Scholars are increasingly aware of the dynamic nature of the interaction between the nine-chapter-long genealogy that begins the book of Chronicles and its source material. However, little attention has been paid to the role this interaction might have played in the creation of some key biblical ideas, particularly in the “eponymous imagination” of the tribes as literally the sons of Jacob. Through comparison with scholarly approaches to the pseudo-Hesiodic Catalogue of Women and an investigation into the ramifications for biblical studies of ethnic theory and historical memory on the fluidity of ethnicity and memory over time, this article seeks to reassess the dynamic power of the Chronicles genealogy as an ethnic charter for the elites of Persian Yehud. Focus on the distinctive imagination of Israel in the crucial narratives in the book of Genesis, as compared with narratives elsewhere in the primary history, and the contributions of the Chronicles genealogy to their redefinition, allows us to address the Bible’s dependence upon the lens the Chronicles genealogy imposes upon it.
The fact that an unusual number of supernatural events occur at threshing floors in biblical literature has long been a subject of scholarly interest but seldom of comprehensive inquiry. This has recently changed with a publication arguing that the complex of threshing floor phenomena is explained by biblical conceptions of the relationship between YHWH and the site. In this article I will argue instead that it is the nature of the floor itself and its varied uses on multiple levels of society which created associations and layers of meaning that explain the association of threshing floors with decision and communication. The Yahwistic explanation for these associations favored by biblical authors is a response originating in a biased source, rather than a statement of a universal reality.
Burton Mack’s 1996 article “On Redescribing Christian Origins” was a classic of the discipline. In my view, one of its most enduring contributions is its recognition that the centrality of the New Testament’s view of Christian Origins survives despite a growing recognition that, technically, it ought to be sidelined – that it is protected by a “ring of fire.” Further, he argued that the perseverance of this centrality was a major factor inhibiting the influence of New Testament studies on other disciplines. In this essay, I argue that the centrality of the Hebrew Bible’s vision of Israelite origins as a starting point for contemporary debates, even among those who regard it as a fiction, is characterized by a similar avoidance of certain necessary recognitions and is inhibiting to a similar degree.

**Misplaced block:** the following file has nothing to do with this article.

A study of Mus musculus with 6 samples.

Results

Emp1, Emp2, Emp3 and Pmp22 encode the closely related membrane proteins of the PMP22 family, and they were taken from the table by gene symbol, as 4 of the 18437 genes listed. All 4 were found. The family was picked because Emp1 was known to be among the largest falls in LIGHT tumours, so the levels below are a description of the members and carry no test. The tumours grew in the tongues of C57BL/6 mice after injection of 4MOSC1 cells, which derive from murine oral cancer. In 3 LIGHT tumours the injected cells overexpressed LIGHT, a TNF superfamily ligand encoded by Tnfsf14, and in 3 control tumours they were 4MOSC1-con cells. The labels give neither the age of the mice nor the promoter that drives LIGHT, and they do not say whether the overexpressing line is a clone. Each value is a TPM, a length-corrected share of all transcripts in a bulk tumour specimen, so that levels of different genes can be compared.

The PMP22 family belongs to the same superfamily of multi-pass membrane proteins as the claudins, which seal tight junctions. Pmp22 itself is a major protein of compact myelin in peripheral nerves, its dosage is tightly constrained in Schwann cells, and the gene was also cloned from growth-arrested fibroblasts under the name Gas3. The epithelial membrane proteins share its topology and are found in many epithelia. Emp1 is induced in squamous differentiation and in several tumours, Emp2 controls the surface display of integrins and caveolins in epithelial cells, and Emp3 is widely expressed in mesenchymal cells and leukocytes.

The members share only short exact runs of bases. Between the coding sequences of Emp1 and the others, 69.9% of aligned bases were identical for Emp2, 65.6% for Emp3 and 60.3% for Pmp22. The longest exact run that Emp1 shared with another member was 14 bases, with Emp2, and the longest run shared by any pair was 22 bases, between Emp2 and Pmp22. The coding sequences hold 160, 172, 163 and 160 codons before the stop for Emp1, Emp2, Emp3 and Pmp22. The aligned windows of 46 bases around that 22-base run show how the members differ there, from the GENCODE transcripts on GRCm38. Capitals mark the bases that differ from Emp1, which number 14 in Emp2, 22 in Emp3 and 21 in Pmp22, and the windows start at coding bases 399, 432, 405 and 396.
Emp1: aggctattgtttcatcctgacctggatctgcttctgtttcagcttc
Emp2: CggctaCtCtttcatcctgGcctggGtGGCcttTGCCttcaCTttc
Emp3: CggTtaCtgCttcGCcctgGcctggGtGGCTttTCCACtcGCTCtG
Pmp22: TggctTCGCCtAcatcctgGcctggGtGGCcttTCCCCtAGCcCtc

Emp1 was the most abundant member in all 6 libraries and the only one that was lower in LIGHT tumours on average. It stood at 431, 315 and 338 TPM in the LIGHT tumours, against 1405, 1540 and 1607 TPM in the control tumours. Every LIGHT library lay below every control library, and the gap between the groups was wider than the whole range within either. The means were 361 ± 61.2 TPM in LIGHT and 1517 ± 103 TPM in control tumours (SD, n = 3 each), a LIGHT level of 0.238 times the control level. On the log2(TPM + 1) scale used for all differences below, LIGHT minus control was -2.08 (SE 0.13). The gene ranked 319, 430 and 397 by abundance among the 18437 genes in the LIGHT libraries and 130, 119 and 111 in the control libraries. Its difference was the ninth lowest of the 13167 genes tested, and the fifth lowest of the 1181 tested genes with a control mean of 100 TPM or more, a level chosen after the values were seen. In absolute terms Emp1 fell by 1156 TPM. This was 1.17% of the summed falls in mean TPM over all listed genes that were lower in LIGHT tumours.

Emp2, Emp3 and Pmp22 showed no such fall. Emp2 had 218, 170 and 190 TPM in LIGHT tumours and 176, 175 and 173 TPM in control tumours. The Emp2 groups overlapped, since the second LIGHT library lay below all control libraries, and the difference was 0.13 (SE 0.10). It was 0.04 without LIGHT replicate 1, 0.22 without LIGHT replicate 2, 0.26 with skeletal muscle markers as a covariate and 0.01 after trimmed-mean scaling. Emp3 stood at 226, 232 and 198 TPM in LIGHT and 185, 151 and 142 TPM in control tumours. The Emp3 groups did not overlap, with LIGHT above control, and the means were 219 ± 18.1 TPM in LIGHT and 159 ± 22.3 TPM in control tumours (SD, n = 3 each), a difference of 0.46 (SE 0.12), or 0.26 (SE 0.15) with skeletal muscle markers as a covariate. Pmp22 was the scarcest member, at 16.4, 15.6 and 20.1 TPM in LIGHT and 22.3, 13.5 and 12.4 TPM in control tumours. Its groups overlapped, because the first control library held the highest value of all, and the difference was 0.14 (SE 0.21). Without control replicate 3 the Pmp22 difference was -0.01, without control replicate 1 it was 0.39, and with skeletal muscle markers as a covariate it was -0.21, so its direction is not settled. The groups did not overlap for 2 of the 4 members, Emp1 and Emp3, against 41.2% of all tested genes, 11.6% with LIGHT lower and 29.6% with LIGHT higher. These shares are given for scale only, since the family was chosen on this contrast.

The “Primary History” is the scholarly term for the biblical narrative spanning Genesis through Kings, created largely through the combination of pre-existing texts and traditions. This narrative has played a central role in scholarly reconstructions of the history of Israelite and Judahite traditions more generally because it is often possible to recover these pre-biblical traditions apparently intact. However, the recovery of pre-biblical traditions is a more complicated problem than typical approaches—which focus on the reconstruction of original texts—allow. Scholars also need to consider how the combination and arrangement of traditions has altered our perception of them, even when we can recover their original form. This article employs contemporary theoretical approaches to museum exhibits in order to explore how the combination and presentation of artifacts reshapes what they seem to mean, without physically altering them, and applies those lessons to the study of reconstructed pre-biblical texts.
This article weighs in on new debates about the affiliation of the tribe of Benjamin between Israel and Judah in the early monarchy. It points to two underappreciated aspects of the Hebrew Bible’s account of tribal realities in the books of Kings: the anonymity of the ten tribes attributed to Israel in 1 Kgs 11–12, and how unusual the absence of a complete and detailed account of tribal arrangements in Kings is in the context of a Primary History as a whole. It argues that both of these realities reflect a deliberate effort to obscure Benjamin’s northern origins and that, in fact, it is impossible to come up with a plausible list of ten Israelite tribes without Benjamin.